Glen Hubbard’s The Aid Trap

Highlighting the success of post-WWII’s Marshall Plan which was designed to bolster the private sector, Glenn Hubbard argues that aid should be given to local businesses in developing nations. Fostering growth in the private sector will expand the middle-class and lift distressed societies out of poverty. Read The Aid Trap by Glenn Hubbard and William Duggan.

EXCERPT: Chase the Devil: Details for a Marshall Model

We can best understand how to adapt the key technical details of the Marshall Plan by taking the case of Greece. In its economy and politics, Greece was the Marshall Plan country most like poor countries today from various angles: in population, economy, and politics. The example of Greece gives us both concrete ideas to borrow and the hope it can work again.

Greece is smaller than the major countries of Europe. Its population at the time was 7.5 million, versus nearly 50 million each for Britain, France, Germany, and Italy. Of the sixteen Marshall Plan countries, Greece was the third poorest and the most unstable at the time. Only Portugal and Turkey were poorer, but both escaped most of the fighting of World War II. Greece suffered invasion from both Italy and Germany, which an active Greek resistance fought with the help of the British army. After the war the resistance split and fought a civil war: Greek communists with Russian help versus Greek royalists and democrats with British help. So among the war-torn countries, Greece was the poorest and stayed war-torn longest. And it was less than a full democracy before, during, and right after the Marshall Plan: The Greek king stayed in power to some degree through the 1940s and 1950s.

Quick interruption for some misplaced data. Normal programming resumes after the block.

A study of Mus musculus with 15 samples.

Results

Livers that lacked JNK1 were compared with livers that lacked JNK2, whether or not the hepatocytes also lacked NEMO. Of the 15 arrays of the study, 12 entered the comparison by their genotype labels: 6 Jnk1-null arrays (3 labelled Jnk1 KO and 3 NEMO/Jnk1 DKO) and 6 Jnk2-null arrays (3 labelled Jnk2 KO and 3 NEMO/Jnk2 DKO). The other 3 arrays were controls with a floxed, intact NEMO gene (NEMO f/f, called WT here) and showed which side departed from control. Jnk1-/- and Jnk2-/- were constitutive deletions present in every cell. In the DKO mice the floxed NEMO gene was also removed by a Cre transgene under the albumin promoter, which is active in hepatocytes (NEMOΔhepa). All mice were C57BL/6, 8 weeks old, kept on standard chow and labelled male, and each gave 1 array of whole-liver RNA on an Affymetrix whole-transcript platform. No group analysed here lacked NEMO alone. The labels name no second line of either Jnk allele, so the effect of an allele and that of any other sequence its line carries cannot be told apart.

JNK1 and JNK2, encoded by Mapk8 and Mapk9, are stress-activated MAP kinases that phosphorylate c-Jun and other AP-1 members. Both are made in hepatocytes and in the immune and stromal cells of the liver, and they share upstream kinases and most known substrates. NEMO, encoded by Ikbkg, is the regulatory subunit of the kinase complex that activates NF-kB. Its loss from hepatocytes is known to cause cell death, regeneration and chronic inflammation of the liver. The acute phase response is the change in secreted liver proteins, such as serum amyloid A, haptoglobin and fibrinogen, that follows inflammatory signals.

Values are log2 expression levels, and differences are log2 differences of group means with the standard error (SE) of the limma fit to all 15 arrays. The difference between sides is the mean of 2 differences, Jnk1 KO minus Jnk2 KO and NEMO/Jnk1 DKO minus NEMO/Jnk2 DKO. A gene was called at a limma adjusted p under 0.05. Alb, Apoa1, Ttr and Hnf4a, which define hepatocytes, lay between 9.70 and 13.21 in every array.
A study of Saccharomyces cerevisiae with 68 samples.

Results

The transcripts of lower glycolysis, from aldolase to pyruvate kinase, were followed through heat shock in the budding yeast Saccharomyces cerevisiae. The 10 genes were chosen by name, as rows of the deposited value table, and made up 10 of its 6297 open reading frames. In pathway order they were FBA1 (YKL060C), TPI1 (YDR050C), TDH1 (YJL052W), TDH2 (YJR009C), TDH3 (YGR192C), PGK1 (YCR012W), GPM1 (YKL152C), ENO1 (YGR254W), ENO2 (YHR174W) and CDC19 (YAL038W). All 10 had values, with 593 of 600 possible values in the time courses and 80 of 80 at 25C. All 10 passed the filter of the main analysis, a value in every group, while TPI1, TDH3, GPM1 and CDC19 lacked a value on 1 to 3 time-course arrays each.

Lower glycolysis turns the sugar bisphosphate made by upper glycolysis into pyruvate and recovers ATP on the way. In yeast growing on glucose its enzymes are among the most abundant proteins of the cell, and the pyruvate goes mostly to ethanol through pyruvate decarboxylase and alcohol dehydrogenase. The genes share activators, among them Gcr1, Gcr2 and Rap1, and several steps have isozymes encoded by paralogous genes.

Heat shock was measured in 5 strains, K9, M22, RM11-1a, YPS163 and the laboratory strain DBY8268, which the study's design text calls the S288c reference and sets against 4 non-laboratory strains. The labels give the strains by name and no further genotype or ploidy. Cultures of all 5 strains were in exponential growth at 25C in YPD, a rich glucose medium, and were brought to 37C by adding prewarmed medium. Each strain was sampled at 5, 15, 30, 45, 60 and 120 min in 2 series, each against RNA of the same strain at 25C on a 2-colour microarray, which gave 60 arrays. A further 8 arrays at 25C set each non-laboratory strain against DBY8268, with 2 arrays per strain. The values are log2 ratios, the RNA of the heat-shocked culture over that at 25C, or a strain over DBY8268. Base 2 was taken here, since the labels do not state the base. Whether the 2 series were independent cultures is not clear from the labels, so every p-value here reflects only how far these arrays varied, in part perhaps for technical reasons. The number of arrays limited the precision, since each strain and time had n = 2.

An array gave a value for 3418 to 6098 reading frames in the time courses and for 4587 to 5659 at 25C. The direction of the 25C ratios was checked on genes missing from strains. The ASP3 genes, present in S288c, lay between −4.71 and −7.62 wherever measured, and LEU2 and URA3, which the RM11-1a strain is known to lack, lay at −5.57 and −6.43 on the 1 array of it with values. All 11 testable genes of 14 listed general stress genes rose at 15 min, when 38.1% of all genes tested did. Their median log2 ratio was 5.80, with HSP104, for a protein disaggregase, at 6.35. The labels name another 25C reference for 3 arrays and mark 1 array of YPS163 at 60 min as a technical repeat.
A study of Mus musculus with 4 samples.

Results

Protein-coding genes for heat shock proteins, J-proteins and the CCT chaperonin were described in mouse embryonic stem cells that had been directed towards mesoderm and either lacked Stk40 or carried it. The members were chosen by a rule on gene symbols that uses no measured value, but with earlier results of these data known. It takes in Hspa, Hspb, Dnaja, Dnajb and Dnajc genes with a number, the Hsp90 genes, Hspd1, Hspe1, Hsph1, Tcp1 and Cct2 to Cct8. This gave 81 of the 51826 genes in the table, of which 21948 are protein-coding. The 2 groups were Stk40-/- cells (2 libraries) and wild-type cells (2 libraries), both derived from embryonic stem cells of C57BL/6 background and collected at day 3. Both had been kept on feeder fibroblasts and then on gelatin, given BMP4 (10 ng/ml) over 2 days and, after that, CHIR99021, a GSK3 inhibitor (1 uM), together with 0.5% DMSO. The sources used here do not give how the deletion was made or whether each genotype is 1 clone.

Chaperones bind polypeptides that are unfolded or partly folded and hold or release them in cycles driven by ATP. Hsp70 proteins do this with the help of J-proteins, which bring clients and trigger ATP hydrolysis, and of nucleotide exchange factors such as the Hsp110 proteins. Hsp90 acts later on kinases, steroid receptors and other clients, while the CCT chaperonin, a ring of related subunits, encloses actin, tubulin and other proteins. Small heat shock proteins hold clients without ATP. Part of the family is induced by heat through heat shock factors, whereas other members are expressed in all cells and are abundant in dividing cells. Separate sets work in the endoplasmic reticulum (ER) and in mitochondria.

Small, poor, war-torn, and semi-democratic—that sounds a lot like many poor countries today, especially in Africa. Of course, Greece did not have forty years of aid to undo. And although its farmland was the poorest in Europe, it still had its ancient advantages of a single written language, excellent ports, and a prime location at the hub of Mediterranean trade. We cannot expect most poor countries to mimic Greece’s success in whole. But how the Marshall Plan helped, at scale and quickly, is worth learning from and mimicking in part.